Hamstring pulls are one of the most common types of muscle strains, especially among those whose preferred form of exercise is running. Whether it's hitting the pavement for a marathon training session or taking an easy jog on the treadmill just to keep in shape, hamstring pulls can result in minor strains or more serious pulls of the muscles along the back of the thighs.
The three muscles that run along the back of the legs from below the knee to just above the hip constitute the hamstrings. Flexing the knee and extending the thigh--motions involved in running--are dependent on the hamstrings.
Minor hamstring strains can be caused by overworking or overstretching the group of muscles at the back of the thigh. According to the Mayo Clinic Family Health Book, pain or weakness along the hamstrings may indicate a pulled muscle. A sharp, localized pain is often followed by tenderness and/or swelling when a hamstring strain occurs. Swelling usually develops soon after the injury is sustained. The next day, stiffness or tenderness in the hamstrings may persist. Hamstring spasms and the inability to use the hamstring to either flex the knee or extend the thigh are other symptoms of a pulled muscle. Hamstring strains also may prevent you from putting weight on the leg.
A more serious injury, often following sudden stress or a direct blow to the hamstring, results when fibers within the muscle actually tear. A tear in the hamstring causes the muscle to contract and bleed internally. Hamstrings also may rupture either entirely or partially. The damage levels of hamstring pulls are classified from grade 1 to grade 3. According to the Johns Hopkins Family Health Book, grade 1 refers to a mild stretch, grade 2 refers to a partial tear, and grade 3 indicates a complete tear. In more serious injuries, those diagnosed as grade 2 or 3, a pop may be heard as the muscle ruptures, or a snapping sensation may be felt. Bruising on the back of the thigh can follow if blood vessels are broken. Unlike swelling, bruising may not occur until days or weeks following the initial pain. The bruising also may develop in areas other than the hamstrings as the blood from the damaged tissues spreads out from the muscle before reaching just below the skin, sometimes resulting in a rather large black-and-blue area.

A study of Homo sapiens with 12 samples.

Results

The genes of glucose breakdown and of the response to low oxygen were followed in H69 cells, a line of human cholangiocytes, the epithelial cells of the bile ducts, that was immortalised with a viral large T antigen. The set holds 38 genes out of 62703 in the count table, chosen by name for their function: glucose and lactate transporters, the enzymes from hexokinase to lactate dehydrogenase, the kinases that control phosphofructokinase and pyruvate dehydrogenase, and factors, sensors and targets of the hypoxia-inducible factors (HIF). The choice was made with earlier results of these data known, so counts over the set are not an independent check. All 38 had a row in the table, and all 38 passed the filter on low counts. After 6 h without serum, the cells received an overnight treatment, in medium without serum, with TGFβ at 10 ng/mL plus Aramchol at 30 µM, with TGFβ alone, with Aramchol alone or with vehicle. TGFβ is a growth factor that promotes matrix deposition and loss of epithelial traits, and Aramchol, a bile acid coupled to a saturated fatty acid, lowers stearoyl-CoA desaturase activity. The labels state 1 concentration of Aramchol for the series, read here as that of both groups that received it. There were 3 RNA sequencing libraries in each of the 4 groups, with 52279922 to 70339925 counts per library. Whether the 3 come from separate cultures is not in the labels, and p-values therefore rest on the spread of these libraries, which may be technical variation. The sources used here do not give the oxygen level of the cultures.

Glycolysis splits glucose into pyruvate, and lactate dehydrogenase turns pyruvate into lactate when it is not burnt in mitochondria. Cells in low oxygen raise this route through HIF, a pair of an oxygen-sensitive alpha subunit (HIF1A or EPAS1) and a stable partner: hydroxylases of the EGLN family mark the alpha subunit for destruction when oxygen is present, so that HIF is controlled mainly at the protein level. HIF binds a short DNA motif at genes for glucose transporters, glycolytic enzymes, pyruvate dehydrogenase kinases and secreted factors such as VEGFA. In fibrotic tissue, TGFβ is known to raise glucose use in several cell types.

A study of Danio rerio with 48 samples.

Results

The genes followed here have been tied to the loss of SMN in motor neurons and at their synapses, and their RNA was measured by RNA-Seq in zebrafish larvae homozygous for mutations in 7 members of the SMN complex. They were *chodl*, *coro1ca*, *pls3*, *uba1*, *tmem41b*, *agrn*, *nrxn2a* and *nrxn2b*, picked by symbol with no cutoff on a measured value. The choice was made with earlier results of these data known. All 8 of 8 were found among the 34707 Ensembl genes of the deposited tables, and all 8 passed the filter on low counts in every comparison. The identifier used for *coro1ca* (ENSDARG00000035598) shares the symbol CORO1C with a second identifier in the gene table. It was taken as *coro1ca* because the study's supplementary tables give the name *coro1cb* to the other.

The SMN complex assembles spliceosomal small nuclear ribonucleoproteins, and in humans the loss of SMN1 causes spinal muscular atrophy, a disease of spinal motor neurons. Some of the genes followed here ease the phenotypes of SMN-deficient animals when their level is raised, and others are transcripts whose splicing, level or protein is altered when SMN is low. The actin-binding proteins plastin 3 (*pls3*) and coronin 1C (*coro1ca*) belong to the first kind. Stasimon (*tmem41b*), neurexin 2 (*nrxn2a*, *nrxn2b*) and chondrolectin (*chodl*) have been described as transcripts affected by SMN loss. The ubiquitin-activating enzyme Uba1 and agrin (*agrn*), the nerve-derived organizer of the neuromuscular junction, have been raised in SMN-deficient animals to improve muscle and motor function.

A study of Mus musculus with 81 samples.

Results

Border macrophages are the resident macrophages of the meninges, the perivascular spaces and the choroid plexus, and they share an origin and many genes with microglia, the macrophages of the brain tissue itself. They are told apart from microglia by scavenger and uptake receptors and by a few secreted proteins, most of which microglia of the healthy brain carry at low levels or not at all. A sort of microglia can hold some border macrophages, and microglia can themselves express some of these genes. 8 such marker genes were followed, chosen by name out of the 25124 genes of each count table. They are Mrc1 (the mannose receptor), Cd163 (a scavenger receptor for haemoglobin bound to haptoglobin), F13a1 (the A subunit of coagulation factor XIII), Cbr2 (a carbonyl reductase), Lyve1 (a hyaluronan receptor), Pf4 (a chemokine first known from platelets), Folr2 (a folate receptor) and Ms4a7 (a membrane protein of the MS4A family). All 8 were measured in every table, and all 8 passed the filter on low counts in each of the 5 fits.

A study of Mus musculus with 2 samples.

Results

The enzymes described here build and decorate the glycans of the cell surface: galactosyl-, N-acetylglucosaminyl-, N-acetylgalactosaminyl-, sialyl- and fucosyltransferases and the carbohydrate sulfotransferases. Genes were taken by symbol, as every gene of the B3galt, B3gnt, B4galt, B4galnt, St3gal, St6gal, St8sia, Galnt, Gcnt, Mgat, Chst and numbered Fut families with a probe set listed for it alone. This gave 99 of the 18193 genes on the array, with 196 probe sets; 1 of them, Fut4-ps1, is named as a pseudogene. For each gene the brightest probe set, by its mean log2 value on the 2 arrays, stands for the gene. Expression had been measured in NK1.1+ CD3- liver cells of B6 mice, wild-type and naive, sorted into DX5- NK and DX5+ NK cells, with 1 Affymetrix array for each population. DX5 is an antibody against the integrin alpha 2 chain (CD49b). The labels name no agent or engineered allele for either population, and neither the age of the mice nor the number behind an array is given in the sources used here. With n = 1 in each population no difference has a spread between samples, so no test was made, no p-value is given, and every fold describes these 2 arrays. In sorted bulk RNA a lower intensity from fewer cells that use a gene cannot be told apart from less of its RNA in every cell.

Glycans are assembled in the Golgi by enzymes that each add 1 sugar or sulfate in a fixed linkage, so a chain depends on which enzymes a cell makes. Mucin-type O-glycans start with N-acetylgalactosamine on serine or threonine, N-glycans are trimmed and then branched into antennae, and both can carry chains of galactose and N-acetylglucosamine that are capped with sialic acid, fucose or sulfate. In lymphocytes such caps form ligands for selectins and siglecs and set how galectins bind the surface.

Hamstring pulls can be confused with sciatica, or pain radiating from the sciatic nerve, which runs from the back of each leg up to the buttocks and up the spinal cord. To distinguish between these two types of injuries, two simple exercises can be performed. While on your back, raise one leg with your knee straight. If pain results, a hamstring injury is likely. If not, recruit a friend to bend your foot toward your knee. Pain from this exercise usually indicates sciatica. A hamstring pull is often felt more in the center of the back of the leg, while sciatica is commonly felt on the outer area of the thigh.
See a Doctor
A visit to the doctor is in order if significant pain or swelling is felt in the leg, or if you cannot use the muscles normally despite the pain.